Clean Coasts is hosting its first ever forest clean up at Terryland Forest Park in Galway city this weekend.
Rubbish in our parks and forests is becoming a huge problem, with Merlin Park and Terryland Forest Park being particular black spots for dumping.
It takes the constant effort of volunteers to keep our parks in any kind of a shape where they can be enjoyed by the local community.
The community forest clean up is being jointly hosted by Clean Coasts and Galway Atlantaquaria this Saturday, January 26 from 10am to 12pm and all are welcome to take part.
Clean Coasts admitted this was a unique step for them, as the mostly operate on the shoreline but, “as 80% of marine litter comes from land based sources, it makes sense to raise awareness of this issue.”
Galway Atlantaquaria is a Think Before You Flush Advocate, pointing out that whatever you put down he toilet will eventually make its way to the sea, assuming it doesn’t make vile clog in the sewers.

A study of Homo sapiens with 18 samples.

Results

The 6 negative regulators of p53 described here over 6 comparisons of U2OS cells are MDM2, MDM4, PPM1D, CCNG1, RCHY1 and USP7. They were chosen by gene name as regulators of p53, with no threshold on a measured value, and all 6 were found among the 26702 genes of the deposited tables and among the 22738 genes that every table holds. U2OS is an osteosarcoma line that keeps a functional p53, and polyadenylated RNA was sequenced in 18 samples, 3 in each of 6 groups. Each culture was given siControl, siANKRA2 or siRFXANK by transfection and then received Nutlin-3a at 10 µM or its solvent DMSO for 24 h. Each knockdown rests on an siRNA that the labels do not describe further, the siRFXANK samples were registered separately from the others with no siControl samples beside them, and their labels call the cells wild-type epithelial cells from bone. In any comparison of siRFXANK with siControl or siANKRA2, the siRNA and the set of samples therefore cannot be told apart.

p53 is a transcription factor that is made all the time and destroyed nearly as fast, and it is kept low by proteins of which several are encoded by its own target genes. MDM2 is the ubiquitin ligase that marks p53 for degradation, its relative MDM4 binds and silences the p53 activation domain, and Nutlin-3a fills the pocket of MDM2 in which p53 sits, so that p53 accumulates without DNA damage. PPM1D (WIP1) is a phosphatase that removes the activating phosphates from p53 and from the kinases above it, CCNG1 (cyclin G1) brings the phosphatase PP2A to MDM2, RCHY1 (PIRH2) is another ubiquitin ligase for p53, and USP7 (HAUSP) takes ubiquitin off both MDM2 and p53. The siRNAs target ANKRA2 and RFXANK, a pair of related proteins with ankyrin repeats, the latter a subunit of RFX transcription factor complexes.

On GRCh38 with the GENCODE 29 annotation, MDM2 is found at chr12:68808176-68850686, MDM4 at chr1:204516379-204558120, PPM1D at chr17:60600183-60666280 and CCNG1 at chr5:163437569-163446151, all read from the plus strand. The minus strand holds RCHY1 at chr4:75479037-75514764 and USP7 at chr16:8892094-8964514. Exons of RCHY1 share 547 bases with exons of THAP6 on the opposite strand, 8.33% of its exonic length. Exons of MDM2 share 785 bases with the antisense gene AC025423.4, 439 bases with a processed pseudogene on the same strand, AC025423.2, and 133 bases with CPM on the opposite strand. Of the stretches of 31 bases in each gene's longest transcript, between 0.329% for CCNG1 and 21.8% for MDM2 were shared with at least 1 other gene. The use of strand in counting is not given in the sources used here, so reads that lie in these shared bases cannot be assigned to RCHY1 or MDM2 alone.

Terryland Forest Park was chosen by Clean Coasts for a number of reasons, including highlighting how lucky Galway is to have an urban forest in a busy city.
“This is of huge value to many people as it provides a much needed ‘break’ from the hustle and bustle of city life.”
The forest is also notable for the wide variety of plant and animal life it contain, and its economic value to the city as an amenity.
All of that is degraded by rubbish being left lying where it’s tossed.
A recent community clean up at Terryland Forest Park removed 59 bags of rubbish collected over a two hour period.
Keeping our parks clean has become a hot topic lately as local environmentalist Brendan Smith led a protest outside city hall calling for dedicated park wardens to keep them clean.
That is due for consideration at a meeting of Galway city council on February 4.
In the meantime its up to concerned citizens to look after our green spaces, so if you have time on Saturday morning be sure to come by.